As We Recover From Flooding, Let's Talk About Prevention

Last night and early this morning, storms brought heavy rain to Maryland, with areas, such as Ellicott City, receiving up to 6 inches. This brought devastating floods in Ellicott City's Main Street and low-lying areas of Hampden and West Baltimore. So far, one person has lost her life in the floods, and many others required rescuing.

My condolences go out to those who have been affected by the storms. Cars were swept away. Businesses and homes were flooded. And thousands lost power.

My appreciation goes out to those brave people who assisted others during the storms and to those who are providing support and helping with the clean up. And I appreciate Governor Hogan acting quickly to declare a state of emergency for Howard County so that aid can be brought in. I hope that the Governor will give equal attention to Baltimore, where there is also great need.

As we recover from the storms, we must also look to what we must do to protect our communities and the planet from the impacts of the climate crisis. According to the National Oceanic and Atmospheric Administration (NOAA), we can anticipate a sea level rise of up to 9 feet by 2050. The Union of Concerned Scientists predicts that flooding along the East Coast will become chronic by 2030 and incessant by 2045 (and that prediction came before NOAA's new numbers).

The expected increase in flooding and storms are related to the climate crisis. It is urgent that we take bold and effective steps now to decrease carbon emissions, sequester carbon and build buffers. We need a national climate mobilization on the scale of past major initiatives in the US, such as World War II and the Apollo Project. We need clear goals and a plan. We cannot leave the solution up to the whims of the market, as my opponent Chris Van Hollen would do.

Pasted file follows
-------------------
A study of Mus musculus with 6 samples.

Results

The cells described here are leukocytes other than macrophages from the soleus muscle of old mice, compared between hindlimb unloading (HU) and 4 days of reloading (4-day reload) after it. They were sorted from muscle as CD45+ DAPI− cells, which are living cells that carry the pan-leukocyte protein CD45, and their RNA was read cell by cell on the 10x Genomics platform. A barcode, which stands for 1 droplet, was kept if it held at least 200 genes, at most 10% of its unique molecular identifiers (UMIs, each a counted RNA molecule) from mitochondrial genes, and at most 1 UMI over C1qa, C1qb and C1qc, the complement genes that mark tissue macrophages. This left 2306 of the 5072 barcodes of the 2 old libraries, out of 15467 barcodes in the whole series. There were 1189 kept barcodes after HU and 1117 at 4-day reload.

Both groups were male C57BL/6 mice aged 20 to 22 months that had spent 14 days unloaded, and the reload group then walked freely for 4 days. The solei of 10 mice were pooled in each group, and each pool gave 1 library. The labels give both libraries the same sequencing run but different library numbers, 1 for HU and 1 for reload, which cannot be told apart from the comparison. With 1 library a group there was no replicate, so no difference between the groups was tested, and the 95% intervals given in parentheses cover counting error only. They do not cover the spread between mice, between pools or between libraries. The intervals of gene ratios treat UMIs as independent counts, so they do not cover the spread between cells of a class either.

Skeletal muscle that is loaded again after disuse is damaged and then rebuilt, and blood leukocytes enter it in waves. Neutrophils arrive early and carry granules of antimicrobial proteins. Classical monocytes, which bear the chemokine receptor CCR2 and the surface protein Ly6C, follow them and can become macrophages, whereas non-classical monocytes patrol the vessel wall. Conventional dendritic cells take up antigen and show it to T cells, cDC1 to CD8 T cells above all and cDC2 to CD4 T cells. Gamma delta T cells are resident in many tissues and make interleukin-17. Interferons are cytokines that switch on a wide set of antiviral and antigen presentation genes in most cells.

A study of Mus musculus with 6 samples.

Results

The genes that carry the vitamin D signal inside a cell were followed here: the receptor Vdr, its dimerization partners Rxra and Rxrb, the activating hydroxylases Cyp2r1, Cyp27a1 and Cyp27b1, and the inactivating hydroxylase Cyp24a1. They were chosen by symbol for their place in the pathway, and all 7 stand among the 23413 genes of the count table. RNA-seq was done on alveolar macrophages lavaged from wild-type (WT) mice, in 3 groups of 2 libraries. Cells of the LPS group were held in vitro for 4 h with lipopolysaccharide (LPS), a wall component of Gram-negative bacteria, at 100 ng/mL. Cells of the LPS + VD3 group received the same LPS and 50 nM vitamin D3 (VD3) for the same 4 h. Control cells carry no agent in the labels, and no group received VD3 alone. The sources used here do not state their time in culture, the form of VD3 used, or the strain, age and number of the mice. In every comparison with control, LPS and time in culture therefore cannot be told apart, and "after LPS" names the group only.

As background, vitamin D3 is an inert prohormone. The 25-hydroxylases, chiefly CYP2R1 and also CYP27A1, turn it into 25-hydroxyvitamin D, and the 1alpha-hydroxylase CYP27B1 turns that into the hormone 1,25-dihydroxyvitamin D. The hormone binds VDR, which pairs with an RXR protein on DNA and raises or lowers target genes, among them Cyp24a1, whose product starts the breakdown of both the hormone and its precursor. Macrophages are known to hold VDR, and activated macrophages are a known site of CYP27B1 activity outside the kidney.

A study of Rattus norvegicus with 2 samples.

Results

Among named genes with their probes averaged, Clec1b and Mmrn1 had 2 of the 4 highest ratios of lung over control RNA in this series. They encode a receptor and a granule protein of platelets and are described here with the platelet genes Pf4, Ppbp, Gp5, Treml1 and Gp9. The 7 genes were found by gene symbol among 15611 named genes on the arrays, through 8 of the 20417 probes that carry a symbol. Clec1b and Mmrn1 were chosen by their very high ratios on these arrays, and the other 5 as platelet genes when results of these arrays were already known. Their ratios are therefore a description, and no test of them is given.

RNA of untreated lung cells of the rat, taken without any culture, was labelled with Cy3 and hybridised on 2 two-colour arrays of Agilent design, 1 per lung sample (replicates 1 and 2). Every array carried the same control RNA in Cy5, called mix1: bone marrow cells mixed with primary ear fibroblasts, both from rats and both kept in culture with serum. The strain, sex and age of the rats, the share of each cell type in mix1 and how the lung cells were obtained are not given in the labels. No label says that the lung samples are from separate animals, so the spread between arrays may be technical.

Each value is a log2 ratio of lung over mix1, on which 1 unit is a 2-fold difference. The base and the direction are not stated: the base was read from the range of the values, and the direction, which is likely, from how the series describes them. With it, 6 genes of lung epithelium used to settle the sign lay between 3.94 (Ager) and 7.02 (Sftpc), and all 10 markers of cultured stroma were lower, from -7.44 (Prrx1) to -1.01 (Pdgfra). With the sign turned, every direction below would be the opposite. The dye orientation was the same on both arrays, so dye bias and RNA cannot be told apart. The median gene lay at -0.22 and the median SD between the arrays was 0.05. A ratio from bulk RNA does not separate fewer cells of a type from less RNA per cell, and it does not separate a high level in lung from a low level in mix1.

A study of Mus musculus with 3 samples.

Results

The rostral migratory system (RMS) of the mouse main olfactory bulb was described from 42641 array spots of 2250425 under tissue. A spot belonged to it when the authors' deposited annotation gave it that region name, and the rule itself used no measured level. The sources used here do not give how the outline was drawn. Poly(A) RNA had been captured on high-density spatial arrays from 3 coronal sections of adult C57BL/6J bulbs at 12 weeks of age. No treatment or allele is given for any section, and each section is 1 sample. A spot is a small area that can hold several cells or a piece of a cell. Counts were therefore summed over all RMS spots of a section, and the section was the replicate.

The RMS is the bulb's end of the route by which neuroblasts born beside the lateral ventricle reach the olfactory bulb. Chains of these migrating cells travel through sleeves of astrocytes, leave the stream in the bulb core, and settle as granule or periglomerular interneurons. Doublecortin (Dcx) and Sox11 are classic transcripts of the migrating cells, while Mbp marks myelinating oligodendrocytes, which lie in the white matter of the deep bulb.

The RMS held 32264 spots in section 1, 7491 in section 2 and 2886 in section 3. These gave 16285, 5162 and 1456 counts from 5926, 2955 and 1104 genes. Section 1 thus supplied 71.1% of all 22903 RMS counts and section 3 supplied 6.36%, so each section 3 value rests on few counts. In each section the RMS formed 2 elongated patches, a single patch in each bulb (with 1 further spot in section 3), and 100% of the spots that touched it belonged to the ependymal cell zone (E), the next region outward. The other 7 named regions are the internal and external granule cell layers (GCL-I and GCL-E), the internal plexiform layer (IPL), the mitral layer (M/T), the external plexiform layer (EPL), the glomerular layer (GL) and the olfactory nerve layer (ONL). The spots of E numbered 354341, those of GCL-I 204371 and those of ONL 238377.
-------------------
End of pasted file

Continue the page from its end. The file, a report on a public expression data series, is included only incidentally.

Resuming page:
We must stop building carbon and nuclear infrastructure and transition rapidly to renewable sources of energy to meet our needs. We also need to reduce consumption through energy efficiency, clean rapid transit, greater access to pedestrian and bike paths, reduced work weeks and a larger local economy. We can sequester carbon through regenerative farming techniques and wetland restoration. Regenerative farming, especially when it is organic, will improve the quality of food and thus improve health. We can also take steps to decrease the amount of impervious surfaces to reduce and control run-off in storms. These are just some of the solutions. A large-scale mobilization will also bring much needed jobs.

Some of this can be done at the local level, but other parts require state and federal actions. We are working to live by example. Our home in Baltimore is on a slight incline and used to dump large amounts of water into the street during storms. We took steps such as removing hard surfaces, building a french drain, rain gardens and swales to capture water. This has reduced our run-off to almost nothing and makes it so we have to water our gardens less frequently.

The climate clock is ticking. The establishment political parties have failed to heed its warnings, in large part because of donations from industries that profit from the status quo. That is why we need to elect candidates who don't take corporate or PAC money and who answer to the people. As we heal from the devastation brought by yesterday's storm, let's work together to build a livable future.